Plans for Yorkshire 'mega' jail approved - despite fears village will become 'prison fortress'

Demonstrators at Thursday's meeting
Demonstrators at Thursday's meeting

A large crowd of demonstrators gathered outside County Hall in Beverley ahead of the planning committee meeting on Thursday.

Artist's impression of the vast new Category C jail which will be built at Full Sutton

Artist's impression of the vast new Category C jail which will be built at Full Sutton

But eight Tory East Riding councillors - with the exception of Wolds Weighton councillor David Rudd - voted in favour, with a total of four against.

Fiona Roberts, from the campaign group No Mega Prison At Full Sutton, said she feared the nearby village of Full Sutton would become a "prison fortress".

She said they would explore the possibility of a judicial review, but first would have to consider the cost.

She also claimed councillors may have come under "enormous pressure" from the Ministry of Justice, after Prime Minister Boris Johnson announced a prison was going to be built in early August.

It will  house up to 1,440 inmates

It will house up to 1,440 inmates

She said: "Although not totally inaccurate because a smaller one did have outline planning permission, I still feel it may have added pressure on councillors.

"I think Full Sutton will take an enormous beating from this in terms of traffic, in terms of prisoners coming out on day release and in terms of homeless prisoners being released.

"I think traffic through these country lanes will be a real hazard. I believe lives are likely to be lost because of ambulances being held up in Stamford Bridge - I think it is a huge mistake.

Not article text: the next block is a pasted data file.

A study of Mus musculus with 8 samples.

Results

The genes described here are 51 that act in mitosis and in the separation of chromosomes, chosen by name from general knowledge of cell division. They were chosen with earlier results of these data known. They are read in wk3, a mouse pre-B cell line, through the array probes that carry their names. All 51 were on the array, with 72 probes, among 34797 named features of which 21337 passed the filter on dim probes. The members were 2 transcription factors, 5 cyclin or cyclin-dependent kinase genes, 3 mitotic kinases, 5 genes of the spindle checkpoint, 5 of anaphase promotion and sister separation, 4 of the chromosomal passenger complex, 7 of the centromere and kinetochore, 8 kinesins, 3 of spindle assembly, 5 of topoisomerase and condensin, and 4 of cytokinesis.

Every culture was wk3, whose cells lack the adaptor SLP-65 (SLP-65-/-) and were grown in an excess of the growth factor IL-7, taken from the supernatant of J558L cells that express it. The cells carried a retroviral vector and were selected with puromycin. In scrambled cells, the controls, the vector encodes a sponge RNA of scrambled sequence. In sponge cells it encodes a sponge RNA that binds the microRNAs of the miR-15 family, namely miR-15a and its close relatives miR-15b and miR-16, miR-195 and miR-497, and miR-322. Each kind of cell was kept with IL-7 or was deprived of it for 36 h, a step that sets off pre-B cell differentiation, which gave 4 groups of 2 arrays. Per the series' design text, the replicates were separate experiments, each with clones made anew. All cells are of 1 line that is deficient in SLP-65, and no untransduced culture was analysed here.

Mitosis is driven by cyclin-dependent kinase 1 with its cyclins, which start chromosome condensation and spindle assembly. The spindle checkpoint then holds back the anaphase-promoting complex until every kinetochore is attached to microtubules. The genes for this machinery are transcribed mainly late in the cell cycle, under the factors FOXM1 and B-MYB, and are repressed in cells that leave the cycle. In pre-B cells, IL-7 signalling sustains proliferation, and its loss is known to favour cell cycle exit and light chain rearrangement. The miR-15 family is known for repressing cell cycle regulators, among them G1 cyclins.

The Category C jail will house up to 1,440 inmates and be built next door to HMP Full Sutton, a maximum security prison with a capacity of 608.

Villagers have expressed fears about being overlooked by inmates in the accomodation blocks

Villagers have expressed fears about being overlooked by inmates in the accomodation blocks

Outline planning permission was given in 2017 to a jail with 50 per cent fewer prisoners, which sparked just 52 objections.

However fears have grown over the impact on local infrastructure with concerns about traffic jams doubling on the bridge in nearby Stamford Bridge, used by holidaymakers to get to the coast.

The meeting also heard there were concerns that tens of thousands of litres of sewage would have to be tankered away as there was no room for an on-site treatment plant.

Independent councillor Phil Davison, who voted against, said with just 50 inmates more the new jail would be the second largest in Europe or the biggest in the UK.

His understanding was that just 18 prison staff currently came from Full Sutton, with the rest travelling from Wakefield, Leeds, Harrogate, Scarborough, Whitby and Durham.

However committee chairman Coun Gary McMaster said even if they refused because of the existing planning permission, the plans they would "go ahead ahead whether we like it or not."

If it went to appeal he said it "is very likely to be overturned and the council will lose the right to impose any conditions whatsoever and that worries me.

"We do not wish to lose whatever little grip we have."

The total number of staff and inmates at the new facility and the existing prison - as high as 3,300 - will be up to seven times greater than the village’s 470-strong population.

Humberside Police had also objected on the grounds that the new prison will push up crime rates, placing "significant additional demand" on the force.

The MoJ said the jail, which will employ 720 staff, will open in 2024.

Prisons Minister Lucy Frazer said: “The new jail at Full Sutton is the first milestone in our long-term plan to deliver 10,000 additional modern and efficient prison places.

“It will create and support hundreds of jobs, during construction and afterwards, and will be a major boost to the local economy.

“The prison will also provide a better environment to steer offenders away from crime – ultimately keeping the public safer and reducing the number of future victims.”